Germany reaches 270 MW of PV installations in July


The data shows that of the 7,630 registered rooftop systems, only 5,315 with a cumulative capacity of 160 MW were actually commissioned in July. All other systems were either pre- or post-registrations.

The plant register further discloses that 44 new ground-mounted arrays with a commissioning date in July were registered. Reportedly, just four solar farms exceeding a capacity of 1 MW. The vast majority are ground-mounted arrays with a capacity that sits just short of the 750 kW bidding limit.

By contrast, the progress in Germany’s “Mieterstrom” (tenant electricity) is rather slow. In July, just 23 new projects with a cumulative capacity of 344 kW were registered. Only three of these were commissioned in July, while the rest were commissioned in previous months.

Since the introduction of the scheme in July 2017, just 162 PV systems of that type, with a cumulative capacity of 4 MW, have been registered with the Bundesnetzagentur.

The tenant electricity scheme allows tenants to directly purchase PV energy from their apartment block’s roof or nearby C&I installations. Key to the scheme is the omission of grid charges, as the design does not use distribution grids.

Despite this, Germany is still on track to reach its target of adding 2,500 MW this year, the data suggests. In the first seven months, a cumulative capacity of 1,600 MW have been registered. Thus, the total PV capacity that has been installed since Germany’s introduction of a FIT-scheme (EEG) rose to 44,593 MW by the end of July.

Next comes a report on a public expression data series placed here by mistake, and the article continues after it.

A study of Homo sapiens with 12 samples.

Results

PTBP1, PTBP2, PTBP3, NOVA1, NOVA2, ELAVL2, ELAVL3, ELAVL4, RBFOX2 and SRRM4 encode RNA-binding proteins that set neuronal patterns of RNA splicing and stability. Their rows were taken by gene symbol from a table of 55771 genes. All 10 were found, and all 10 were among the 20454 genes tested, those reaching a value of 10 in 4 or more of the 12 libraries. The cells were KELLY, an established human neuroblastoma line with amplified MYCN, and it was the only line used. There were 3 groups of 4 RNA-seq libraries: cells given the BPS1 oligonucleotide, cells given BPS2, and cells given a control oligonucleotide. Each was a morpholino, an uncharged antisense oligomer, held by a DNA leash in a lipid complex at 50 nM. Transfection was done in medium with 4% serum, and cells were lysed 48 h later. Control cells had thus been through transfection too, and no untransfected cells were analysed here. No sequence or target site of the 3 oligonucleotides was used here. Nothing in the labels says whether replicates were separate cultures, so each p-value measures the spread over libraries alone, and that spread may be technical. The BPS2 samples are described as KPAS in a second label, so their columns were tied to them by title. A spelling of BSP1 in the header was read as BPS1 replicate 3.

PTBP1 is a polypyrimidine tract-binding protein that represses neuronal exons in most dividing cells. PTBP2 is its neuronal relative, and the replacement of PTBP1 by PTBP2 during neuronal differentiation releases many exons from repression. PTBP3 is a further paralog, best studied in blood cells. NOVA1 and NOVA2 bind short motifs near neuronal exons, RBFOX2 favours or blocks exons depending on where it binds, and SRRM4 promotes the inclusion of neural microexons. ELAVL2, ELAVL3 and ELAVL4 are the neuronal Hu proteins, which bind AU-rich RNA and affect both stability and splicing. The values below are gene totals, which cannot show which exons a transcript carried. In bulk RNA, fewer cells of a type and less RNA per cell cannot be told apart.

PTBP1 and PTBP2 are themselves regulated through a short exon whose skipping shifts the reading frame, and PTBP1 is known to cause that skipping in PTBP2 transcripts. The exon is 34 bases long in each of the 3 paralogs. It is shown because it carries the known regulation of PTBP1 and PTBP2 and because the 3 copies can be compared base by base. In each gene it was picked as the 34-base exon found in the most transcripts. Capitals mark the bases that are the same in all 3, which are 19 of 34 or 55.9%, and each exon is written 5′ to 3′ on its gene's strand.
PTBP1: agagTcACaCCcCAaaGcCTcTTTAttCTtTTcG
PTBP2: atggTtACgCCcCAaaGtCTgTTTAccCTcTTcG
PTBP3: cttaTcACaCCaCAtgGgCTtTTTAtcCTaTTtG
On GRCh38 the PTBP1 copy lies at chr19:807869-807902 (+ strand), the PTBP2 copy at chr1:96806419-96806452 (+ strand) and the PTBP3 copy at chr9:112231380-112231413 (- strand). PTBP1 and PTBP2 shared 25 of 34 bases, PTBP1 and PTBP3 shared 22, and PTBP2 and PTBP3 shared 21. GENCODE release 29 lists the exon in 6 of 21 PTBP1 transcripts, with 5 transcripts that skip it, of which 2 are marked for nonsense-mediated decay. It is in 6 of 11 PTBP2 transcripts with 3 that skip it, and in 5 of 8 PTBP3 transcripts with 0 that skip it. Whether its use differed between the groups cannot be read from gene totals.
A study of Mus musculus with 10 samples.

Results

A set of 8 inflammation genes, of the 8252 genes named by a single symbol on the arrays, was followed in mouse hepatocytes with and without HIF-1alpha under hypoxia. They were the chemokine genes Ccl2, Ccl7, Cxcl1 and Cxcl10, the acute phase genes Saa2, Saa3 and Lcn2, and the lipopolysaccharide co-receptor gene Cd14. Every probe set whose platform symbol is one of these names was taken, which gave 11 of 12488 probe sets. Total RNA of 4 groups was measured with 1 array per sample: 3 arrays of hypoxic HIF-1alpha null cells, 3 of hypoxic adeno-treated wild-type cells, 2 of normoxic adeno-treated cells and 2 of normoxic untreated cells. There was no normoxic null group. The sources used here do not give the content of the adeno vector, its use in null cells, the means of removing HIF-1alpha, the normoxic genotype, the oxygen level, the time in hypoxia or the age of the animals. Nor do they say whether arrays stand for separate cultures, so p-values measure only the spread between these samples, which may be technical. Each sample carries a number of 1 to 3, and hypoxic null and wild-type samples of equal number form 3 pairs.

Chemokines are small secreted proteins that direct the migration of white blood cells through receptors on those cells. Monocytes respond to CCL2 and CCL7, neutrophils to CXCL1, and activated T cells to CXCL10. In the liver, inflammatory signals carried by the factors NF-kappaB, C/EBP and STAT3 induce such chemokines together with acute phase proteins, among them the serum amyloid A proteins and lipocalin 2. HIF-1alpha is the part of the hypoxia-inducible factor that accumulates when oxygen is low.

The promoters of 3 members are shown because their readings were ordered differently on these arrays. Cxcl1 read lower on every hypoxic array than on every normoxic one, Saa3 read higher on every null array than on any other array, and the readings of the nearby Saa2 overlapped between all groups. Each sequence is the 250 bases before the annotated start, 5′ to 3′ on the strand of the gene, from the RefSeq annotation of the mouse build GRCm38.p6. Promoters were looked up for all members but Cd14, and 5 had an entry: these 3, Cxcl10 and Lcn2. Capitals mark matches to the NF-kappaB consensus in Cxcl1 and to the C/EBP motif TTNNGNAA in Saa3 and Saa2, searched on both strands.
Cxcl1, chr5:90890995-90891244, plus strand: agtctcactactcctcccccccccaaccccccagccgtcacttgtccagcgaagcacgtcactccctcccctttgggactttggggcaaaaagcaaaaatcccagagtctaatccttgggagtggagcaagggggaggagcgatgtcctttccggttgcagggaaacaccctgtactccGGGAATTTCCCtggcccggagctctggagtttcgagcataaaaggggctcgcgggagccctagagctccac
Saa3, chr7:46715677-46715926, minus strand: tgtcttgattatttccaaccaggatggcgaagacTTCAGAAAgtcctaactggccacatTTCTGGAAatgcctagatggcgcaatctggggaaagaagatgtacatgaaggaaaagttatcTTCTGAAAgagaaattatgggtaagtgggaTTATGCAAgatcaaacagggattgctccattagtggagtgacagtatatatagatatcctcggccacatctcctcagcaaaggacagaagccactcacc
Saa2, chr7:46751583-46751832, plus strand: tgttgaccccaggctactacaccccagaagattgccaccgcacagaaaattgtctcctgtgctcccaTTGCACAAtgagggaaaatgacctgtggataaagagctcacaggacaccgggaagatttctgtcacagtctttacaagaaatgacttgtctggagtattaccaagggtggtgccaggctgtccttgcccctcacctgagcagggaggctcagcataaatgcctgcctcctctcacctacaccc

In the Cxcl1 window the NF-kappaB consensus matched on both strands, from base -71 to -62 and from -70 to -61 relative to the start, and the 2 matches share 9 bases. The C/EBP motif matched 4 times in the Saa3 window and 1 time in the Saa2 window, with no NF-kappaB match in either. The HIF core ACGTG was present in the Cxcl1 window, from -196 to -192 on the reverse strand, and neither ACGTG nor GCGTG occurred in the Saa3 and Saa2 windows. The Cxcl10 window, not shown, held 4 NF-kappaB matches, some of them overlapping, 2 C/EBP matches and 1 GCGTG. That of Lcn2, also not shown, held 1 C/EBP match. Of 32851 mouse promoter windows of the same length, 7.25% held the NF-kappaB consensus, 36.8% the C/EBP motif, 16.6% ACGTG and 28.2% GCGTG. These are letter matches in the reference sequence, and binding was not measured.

The level of solar subsidies for rooftop systems, as well as the cap on proceeds from direct retail sales will be lowered by another percent for September. Thus, the fixed feed-in tariff for between 40 kW and 100 kW will be 10.39 euro cents per kWh.

For systems between 10 and 40 kW, the tariff is set at 11.62 euro cents, and for systems less than 10 kW, the tariff will be 11.95 euro cents. Arrays exceeding 100 kW are required to sell their electricity directly to the market, and can expect to receive tariffs of between 8.27 and 12.35 euro cents per kWh.

In October, both the subsidies and tariffs are expected to fall by another percent again.